Erin Enderlin and Shane McAnally are the tunesmiths behind Lee Ann Womack's 2008 single "Last Call." The song was released as the first single from the singer's 2008 Call Me Crazy album and became a Top 20 hit on the Billboard Hot Country Songs chart, eventually peaking at No. 14 in February of 2009. Below, Enderlin and McAnally tell The Boot how the song came to be.

Enderlin: Shane starts talking about an old flame that called him out of the blue. Even though the infamous one's name was removed from Shane's phone, the number itself still stopped him in his tracks, like it was branded in his memory.

Taking in Shane's story, I started playing the chords he was riffing on, and out poured the first couple lines of the song. It was amazing how easily the story came together. Shane and I went back and forth, trading lines and chords ... the song became almost like a zipper, pulling our two creative minds together.

I write a lot of songs, but it is still amazing to me how, every so often, the right combination of ideas, craft and creativity come together to make something so magical that it seems to have a life of its own and has the ability to move people, even if they haven't been in that specific situation. I've rarely experienced something more powerful than the connection that comes from a great song, and "Last Call" is one of those songs.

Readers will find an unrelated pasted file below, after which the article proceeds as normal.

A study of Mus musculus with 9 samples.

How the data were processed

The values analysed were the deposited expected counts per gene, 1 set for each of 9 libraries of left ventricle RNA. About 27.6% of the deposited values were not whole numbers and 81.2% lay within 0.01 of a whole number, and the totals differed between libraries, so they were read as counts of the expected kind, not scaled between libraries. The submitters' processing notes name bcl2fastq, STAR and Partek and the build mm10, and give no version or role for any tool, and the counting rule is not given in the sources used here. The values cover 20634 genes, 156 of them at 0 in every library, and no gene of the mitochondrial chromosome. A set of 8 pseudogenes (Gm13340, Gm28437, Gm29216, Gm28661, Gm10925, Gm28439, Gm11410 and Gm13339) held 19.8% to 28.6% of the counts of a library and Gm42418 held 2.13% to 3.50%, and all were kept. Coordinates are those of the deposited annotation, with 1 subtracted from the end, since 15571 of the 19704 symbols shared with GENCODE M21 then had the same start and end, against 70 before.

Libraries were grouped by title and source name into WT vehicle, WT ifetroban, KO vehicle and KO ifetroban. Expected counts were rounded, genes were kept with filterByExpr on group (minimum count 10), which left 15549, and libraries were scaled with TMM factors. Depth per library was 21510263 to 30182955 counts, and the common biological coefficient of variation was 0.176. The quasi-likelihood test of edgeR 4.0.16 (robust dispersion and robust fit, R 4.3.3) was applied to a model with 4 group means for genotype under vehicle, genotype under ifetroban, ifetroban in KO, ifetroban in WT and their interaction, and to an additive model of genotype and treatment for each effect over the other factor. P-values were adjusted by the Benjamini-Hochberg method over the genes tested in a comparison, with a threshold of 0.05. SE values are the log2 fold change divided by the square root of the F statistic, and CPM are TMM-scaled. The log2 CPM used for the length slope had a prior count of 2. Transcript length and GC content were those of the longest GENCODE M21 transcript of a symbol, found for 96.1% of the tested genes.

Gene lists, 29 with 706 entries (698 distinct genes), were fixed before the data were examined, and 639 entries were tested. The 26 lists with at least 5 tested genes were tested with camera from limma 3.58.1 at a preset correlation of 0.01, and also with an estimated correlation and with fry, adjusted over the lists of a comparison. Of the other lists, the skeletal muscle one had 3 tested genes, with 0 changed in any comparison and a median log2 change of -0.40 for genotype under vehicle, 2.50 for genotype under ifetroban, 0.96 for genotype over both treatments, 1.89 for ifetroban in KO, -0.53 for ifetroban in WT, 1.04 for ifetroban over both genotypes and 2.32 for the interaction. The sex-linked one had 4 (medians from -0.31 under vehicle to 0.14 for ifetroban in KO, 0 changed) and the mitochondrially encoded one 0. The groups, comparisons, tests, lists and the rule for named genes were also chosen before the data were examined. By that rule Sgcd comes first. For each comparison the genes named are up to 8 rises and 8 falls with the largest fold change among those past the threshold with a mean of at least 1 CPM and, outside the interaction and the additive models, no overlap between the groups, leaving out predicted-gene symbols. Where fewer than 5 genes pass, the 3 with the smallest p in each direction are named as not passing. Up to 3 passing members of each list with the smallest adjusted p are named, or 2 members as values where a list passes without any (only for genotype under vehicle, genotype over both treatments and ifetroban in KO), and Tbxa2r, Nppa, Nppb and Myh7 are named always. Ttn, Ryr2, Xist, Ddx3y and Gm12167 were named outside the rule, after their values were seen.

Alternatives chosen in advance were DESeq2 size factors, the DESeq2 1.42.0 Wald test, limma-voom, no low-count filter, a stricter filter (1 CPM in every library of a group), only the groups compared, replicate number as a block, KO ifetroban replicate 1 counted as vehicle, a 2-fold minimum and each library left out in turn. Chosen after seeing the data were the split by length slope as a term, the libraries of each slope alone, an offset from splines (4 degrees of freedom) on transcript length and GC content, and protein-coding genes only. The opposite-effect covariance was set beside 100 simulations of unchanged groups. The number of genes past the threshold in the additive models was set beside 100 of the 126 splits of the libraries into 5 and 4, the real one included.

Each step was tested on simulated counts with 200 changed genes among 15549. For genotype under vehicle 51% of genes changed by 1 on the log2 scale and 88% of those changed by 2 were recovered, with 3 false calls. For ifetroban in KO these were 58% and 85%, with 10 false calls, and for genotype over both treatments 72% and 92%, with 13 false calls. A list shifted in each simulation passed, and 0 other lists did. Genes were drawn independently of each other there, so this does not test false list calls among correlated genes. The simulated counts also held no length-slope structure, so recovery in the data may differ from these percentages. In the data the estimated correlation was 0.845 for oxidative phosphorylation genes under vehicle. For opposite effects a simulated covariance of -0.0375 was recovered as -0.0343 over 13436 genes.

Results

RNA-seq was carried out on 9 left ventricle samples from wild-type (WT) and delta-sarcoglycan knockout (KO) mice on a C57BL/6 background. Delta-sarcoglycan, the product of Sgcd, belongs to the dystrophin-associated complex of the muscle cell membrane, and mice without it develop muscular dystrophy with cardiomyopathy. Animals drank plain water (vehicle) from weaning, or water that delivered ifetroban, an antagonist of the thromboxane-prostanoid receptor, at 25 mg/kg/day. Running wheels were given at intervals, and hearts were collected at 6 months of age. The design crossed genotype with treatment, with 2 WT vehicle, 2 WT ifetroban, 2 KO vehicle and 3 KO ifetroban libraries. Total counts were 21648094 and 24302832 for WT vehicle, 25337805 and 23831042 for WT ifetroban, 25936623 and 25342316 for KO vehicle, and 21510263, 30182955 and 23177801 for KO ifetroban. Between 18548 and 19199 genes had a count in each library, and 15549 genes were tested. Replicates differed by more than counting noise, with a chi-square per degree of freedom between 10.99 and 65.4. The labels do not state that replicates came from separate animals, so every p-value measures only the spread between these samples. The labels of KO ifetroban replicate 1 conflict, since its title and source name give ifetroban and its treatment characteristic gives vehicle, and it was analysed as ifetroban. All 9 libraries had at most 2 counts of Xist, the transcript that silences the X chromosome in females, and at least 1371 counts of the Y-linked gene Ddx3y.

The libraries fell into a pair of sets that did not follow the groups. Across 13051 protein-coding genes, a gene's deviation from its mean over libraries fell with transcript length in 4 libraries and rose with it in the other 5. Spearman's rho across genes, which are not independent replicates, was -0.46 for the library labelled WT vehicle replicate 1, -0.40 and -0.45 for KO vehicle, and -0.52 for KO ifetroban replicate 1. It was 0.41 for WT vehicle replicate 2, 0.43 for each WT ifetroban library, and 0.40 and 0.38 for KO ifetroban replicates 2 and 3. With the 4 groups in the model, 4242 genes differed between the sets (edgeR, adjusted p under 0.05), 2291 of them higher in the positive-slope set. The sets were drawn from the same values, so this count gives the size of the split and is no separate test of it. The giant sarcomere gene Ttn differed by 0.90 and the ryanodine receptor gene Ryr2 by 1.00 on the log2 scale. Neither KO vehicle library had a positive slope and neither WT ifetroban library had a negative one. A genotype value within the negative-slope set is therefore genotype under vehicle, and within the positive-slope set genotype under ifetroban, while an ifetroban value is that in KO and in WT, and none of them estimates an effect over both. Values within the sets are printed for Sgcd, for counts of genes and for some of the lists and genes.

McAnally: I remember something Erin had said to me a few weeks before, about the practice of showing up every day at a scheduled time to write. She said, "I know that I won't write something great every day, but I just show up so that when God walks through the room, I will be there." On this particular day, God walked through the room, and we were there.

I think the zipper metaphor was a perfect way to describe the way it unfolded: She would sing a line, and I would sing a line, and so on. I do remember the moment I realized that something big was going on -- when she was trying to figure out the melody for the chorus, and she sang the following "dummy" lyric: "I bet you're in a bar." A "dummy" lyric is a reference to putting any words that come to mind together, just to create a structure and a melody. [But] this "dummy" lyric was far from dumb! I thought it was brilliant.

I actually was convinced that "I bet you're in a bar" was the title of the song. The hook, "Last Call," later unveiled itself, and the rest is country music history.